Objectives: 1) Validate a chromogenic assay to measure Factor Xa inhibitory activity (anti-Xa activity) in normal feline plasma and following administration of low molecular weight heparins and unfractionated heparin. 2) Compare the effects of two commercially available low molecular weight heparins (LMWH), unfractionated heparin (UFH), and placebo on TEG, anti-Xa activity, PT/aPTT, PCV/TS and platelet count in healthy cats.
Methods: Our study consisted of two phases: 1) the evaluation of a commercially available chromogenic anti-Xa assay (Rotachrom Heparin, Diagnostic Stago) for use in cats, and 2) the evaluation of hemostatic effects of LMWH in healthy cats. Phase 1: The anti-Xa assay was validated for use in cats using feline plasma and serial dilutions of the plasma spiked with UFH, enoxaparin, and dalteparin. Phase 2: Five healthy cats were included in a randomized Latin Squares model crossover-design to compare the effects of UFH and LMWH in cats. The cats then received one of the following subcutaneously: 1) 250 IU/kg UFH QID, 2) 100 IU/kg dalteparin BID, 3) 1 mg/kg enoxaparin BID, 4) 0.25 mL/kg 0.9% saline (placebo) QID. A minimum of a two-week washout period separated each treatment period. Each drug was administered for 5 days. Blood samples were obtained to measure anti-Xa, TEG, PT/aPTT, platelet count, and PCV/TS on Days 1, 3, 5, and 6 of each treatment cycle. Samples were collected at time 0 on each sample day for all parameters and on select days at hours 4, 8, and 12 for anti-Xa and TEG.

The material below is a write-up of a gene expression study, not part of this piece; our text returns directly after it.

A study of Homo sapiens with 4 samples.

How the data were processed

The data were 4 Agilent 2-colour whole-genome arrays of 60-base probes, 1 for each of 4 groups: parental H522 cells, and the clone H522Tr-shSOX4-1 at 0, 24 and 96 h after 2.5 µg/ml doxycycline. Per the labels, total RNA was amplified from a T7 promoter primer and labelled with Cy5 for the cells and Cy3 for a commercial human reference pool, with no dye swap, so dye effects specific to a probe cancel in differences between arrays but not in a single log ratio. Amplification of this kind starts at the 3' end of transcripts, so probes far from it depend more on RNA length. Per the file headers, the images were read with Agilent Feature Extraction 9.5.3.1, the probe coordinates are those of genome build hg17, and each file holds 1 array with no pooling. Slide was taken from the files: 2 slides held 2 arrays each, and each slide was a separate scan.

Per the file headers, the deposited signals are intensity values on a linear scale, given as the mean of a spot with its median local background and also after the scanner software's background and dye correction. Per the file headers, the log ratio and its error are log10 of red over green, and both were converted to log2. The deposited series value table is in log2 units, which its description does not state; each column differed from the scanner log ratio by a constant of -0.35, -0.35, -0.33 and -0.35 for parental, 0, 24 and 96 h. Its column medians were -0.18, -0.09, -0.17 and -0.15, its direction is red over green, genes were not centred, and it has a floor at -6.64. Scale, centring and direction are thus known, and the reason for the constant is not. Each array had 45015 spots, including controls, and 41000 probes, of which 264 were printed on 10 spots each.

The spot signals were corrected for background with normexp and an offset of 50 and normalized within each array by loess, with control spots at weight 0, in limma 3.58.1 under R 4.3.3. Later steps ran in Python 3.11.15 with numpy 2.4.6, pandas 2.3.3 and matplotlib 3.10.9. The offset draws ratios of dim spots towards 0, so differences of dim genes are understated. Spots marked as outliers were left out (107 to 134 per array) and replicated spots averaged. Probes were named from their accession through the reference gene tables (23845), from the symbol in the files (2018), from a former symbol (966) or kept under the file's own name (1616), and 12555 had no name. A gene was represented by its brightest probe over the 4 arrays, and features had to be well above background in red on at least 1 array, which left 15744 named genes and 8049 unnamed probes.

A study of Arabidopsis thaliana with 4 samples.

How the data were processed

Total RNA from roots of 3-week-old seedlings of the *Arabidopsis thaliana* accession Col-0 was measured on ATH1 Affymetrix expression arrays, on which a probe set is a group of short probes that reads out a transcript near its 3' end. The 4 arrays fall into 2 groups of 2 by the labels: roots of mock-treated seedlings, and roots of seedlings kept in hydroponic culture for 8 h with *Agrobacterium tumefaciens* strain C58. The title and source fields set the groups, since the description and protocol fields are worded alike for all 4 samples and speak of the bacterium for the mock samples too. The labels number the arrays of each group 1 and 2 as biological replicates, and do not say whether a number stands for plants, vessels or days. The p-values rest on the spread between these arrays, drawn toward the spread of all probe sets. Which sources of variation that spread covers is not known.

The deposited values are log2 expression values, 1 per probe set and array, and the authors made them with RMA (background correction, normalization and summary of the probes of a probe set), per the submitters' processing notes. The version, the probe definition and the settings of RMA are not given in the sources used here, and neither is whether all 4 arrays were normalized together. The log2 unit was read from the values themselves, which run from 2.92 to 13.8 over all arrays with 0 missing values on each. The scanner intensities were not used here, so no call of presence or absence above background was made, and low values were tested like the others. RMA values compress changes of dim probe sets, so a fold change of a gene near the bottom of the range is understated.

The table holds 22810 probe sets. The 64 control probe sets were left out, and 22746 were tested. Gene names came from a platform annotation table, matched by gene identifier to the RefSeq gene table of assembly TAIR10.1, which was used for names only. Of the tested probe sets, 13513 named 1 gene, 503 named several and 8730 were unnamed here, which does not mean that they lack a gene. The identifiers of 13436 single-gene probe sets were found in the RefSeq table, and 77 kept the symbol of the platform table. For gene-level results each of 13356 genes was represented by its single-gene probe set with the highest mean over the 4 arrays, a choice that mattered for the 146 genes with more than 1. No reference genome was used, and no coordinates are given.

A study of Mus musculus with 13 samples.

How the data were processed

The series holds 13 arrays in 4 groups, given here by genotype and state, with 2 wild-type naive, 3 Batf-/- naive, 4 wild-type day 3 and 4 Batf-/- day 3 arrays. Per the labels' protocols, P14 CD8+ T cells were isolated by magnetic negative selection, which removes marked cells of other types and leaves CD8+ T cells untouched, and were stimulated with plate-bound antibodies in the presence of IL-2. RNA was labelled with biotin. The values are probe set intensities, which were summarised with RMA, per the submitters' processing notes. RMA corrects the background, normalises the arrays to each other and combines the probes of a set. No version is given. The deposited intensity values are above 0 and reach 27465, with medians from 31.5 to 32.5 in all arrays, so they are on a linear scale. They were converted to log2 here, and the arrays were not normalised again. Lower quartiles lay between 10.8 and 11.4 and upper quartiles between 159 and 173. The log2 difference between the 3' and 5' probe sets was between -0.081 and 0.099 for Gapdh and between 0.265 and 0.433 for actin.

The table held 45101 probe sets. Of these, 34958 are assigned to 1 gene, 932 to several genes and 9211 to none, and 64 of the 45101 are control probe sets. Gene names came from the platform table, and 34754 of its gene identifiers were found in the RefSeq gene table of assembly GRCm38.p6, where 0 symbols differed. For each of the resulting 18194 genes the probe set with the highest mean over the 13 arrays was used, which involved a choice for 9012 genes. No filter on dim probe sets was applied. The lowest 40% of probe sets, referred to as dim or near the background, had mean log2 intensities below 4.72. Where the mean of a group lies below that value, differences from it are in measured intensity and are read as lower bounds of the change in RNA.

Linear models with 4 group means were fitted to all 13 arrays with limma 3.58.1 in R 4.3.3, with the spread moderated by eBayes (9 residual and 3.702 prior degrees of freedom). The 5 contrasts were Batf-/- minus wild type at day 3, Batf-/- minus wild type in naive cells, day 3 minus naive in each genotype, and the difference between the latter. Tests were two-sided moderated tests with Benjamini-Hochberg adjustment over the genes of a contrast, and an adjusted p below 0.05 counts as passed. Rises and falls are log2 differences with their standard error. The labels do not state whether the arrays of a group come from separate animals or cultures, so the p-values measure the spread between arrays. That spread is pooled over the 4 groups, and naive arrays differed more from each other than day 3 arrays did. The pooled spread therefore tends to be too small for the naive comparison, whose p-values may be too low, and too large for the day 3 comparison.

Results: Preliminary results using the validated anti-Xa assay (from the first part of this study) demonstrate that LMWH treatment results in peak anti-Xa activity at the 4-hour sampling time that returned toward baseline by 8 hours (in 5/6 cats treated with LMWH thus far). Similar anticoagulant effects were noted in the TEG parameters of cats receiving LMWH (i.e., peak effects were noted at 4 hours). Analysis of current data by linear regression identifies a relationship between anti-Xa measurements and TEG parameters for cats treated with all heparin therapies (p<0.001). A similar relationship exists between anti-Xa and aPTT.
Conclusions: Preliminary results suggest an anticoagulant effect of LMWH in cats that may not be uniform across individuals. Anti-Xa activity or TEG may provide useful tools for monitoring LMWH.